University of Washington Michael G. Foster School of Business new Marketing faculty Borah Abhishek in Paccar Hall

A product recall is never good news for a firm. And, though it might seem like a great occasion for schadenfreude, a recall is not necessarily good news for competitors, either.

This according to new research on the social media multiplier of recalls by Abhishek Borah, an assistant professor of marketing at the University of Washington Foster School of Business.

Borah’s study of the automotive industry reveals that product recalls provoke a sharp increase in negative chatter on social media sites. This online trash talk amplifies the damage, slashing sales and the market cap of the recalling company.

But the damage doesn’t end there. Innocent firms often face a similar fate when they get caught in a “perverse halo” of negativity created by a domestic competitor’s recall.

“Bad news travels fast on social media,” says Borah. “Our study demonstrates that a recall event increases negative chatter that can have damaging effects on the sales and stock market performance of rivals.”

Perverse halo

The auto industry is rampant with recalls. In 2014 alone, 64 million vehicles in the United States were ordered back to the dealership to repair a defect. This plus a proliferation of dedicated online discussion, blog and review sites—such as automotiveforums.com and edmunds.com—makes cars the perfect context for studying the relationship between social media and recall events.

For the study, Borah and co-author Gerard Tellis, a professor of management at the USC Marshall School of Business, considered four automobile manufacturers: Japanese firms Toyota, Honda and Nissan, and American firm Chrysler. They tracked multiple nameplates (or models) within each automotive brand.

The authors analyzed the daily traffic, topic and tone on more than 1,000 automotive social media sites following recall announcements during an 18-month period. Using sentiment mining techniques, they were able to determine a sharp increase in negative chatter following a recall.

As you might expect, this negative chatter extended to other models of a car brand. So a Toyota Corolla recall incited worries about Tacoma, Prius and RAV4, distinctly different classes of Toyota vehicles. “If Toyota has an issue with one nameplate, people have the perception that their other nameplates have the same issue, and this creates negative chatter,” says Borah.

But a Toyota recall also sparked negative chatter about Honda and Nissan—brands whose cars had a clean bill of health.

Borah and Tellis call this phenomenon a “perverse halo,” a perception that others share the problem of the car being recalled.

More than just talk

Most talk is cheap, but not this kind of talk. The authors found that the negative chatter spurred by a product recall amplifies damage to the bottom line of domestic rivals

To assess the impact on company stock price, they aggregated nameplates across each brand and found that the online chatter sparked by a rival’s recall erased $7.3 million, on average, from an innocent firm’s market cap over six days.

To assess the impact on sales, they compared monthly figures of each brand’s most similar nameplates—Toyota Corolla versus Honda Civic versus Nissan Sentra, for instance. What they found was that the negative online buzz about both the brand issuing the recall and its nearest rival multiplied the negative effect on sales of the “innocent” rival brand.

“If a Honda nameplate has an issue,” Borah says, “the resulting chatter will cause Toyota’s closest car sales to go down, too.”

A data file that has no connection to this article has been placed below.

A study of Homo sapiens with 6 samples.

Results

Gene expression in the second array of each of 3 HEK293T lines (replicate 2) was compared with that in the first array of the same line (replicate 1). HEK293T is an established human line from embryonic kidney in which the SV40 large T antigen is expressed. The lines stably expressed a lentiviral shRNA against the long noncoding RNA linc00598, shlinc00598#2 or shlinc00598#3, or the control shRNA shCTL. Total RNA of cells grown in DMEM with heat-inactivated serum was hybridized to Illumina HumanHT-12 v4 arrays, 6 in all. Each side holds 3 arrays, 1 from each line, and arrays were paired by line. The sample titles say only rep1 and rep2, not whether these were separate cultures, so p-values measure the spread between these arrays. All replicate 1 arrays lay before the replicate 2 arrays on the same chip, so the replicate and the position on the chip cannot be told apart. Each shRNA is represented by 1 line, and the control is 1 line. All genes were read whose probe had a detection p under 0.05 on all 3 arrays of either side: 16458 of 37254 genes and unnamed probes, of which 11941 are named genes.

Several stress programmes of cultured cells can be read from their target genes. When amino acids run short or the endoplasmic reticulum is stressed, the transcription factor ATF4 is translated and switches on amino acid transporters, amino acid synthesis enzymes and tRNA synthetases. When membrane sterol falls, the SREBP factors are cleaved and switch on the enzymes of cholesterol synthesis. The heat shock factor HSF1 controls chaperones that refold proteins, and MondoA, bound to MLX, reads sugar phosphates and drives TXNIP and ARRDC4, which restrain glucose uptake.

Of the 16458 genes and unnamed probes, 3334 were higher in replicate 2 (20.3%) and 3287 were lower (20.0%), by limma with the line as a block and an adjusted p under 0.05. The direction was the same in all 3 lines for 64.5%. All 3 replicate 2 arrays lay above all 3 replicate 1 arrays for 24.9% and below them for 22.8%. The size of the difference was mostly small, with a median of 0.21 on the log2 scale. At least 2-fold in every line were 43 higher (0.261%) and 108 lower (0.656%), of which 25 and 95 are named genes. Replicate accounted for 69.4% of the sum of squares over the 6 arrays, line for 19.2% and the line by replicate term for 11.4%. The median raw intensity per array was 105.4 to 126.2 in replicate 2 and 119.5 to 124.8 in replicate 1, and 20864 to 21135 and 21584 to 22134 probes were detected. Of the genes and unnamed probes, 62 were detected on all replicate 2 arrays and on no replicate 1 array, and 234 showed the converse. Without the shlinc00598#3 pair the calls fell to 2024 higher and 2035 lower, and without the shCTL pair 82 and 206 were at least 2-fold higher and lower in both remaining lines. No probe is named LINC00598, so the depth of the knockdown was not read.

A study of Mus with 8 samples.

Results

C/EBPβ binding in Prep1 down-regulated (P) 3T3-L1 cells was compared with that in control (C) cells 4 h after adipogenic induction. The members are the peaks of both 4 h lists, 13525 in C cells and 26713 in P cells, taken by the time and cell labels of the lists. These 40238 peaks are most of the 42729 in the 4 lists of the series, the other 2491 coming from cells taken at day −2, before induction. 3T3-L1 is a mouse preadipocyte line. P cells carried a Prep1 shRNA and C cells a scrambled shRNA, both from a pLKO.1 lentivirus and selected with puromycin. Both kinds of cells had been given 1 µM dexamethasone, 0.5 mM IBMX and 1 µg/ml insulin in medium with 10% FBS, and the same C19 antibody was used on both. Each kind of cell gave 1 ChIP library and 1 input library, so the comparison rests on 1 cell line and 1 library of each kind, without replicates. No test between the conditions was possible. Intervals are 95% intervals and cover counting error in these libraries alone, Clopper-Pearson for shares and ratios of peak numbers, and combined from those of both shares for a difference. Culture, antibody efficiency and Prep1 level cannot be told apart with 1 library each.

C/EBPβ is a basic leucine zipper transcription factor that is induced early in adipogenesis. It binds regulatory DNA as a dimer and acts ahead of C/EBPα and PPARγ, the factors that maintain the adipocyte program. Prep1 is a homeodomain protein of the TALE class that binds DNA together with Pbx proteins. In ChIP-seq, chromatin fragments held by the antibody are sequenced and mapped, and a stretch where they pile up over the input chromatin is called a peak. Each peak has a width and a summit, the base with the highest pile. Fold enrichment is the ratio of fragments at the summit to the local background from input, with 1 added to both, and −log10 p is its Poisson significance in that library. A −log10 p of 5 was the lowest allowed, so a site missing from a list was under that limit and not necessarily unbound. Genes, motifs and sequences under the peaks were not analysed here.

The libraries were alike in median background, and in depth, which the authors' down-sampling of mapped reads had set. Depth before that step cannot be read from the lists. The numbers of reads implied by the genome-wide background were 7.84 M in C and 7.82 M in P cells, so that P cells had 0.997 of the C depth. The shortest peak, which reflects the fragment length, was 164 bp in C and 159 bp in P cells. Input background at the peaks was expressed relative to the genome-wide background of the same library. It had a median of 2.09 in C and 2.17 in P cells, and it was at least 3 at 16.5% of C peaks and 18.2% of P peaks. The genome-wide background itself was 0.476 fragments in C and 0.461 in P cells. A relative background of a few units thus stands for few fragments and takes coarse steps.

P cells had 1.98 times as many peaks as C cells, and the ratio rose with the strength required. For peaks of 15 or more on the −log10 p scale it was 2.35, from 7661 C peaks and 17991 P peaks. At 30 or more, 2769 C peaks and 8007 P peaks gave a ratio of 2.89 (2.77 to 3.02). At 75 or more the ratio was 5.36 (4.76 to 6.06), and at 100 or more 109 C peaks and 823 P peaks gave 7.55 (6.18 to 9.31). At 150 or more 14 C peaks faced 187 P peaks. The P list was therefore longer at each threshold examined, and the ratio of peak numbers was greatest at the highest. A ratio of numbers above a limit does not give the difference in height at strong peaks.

He adds that the perverse halo effect appears to be asymmetric in terms of market dominance. That is, a recall for a top seller like Toyota Corolla will have a greater negative impact on the smaller-market Nissan Sentra. And a Sentra recall will leave less of a dent on Corolla.

Reverse halo

Curiously, Borah and Tellis found that the perverse halo has an inverse effect on car companies identified with different nations of origin. Specifically, a recall of a Toyota car (recognized as a Japanese brand) resulted in a decrease in negative chatter about Chrysler cars (recognized as an American brand)

The result? A Toyota recall increases Chrysler sales and market cap, at least temporarily.

“A brand like Chrysler should be cashing in when a competitor from another country has a recall event,” says Borah.

Avoid the vortex

Recalls are a growing phenomenon in the modern marketplace. Beyond cars, we’re seeing more defective food, drugs, toys and electronics than ever before.

Borah says that firms should be as concerned about their rivals’ recalls as they are about their own—especially rival firms of similar size and from the same nation of origin.

A recalling firm can mitigate the damage of a recall by quickly providing pertinent information to social media. “During crisis situations, it is imperative for firms to communicate with consumers in the right way,” advises Borah. “They can relay information about the recall, post a comprehensive set of FAQs to allay concerns, ensure that searches for information are directed to a dedicated recall microsite, and know the hashtags and keywords being used to discuss recalls so they can engage in two-sided dialogue to address specific concerns.”

What firms should not do is broadcast a public apology. “We find that apology advertising has harmful effects on both the recalled brand and its rivals,” Borah says. “In general, such ads backfire because they increase attention to and elaboration about the crisis.”

And for firms caught up in a domestic rival’s perverse halo? Sit tight. Keep quiet. Wait it out. And try to differentiate your company from competitors so that the next time, you don’t get associated with another brand’s recall.

“Halo (Spillover) Effects in Social Media: Do Product Recalls of One Brand Hurt or Help Rival Brands?” is forthcoming in the Journal of Marketing Research.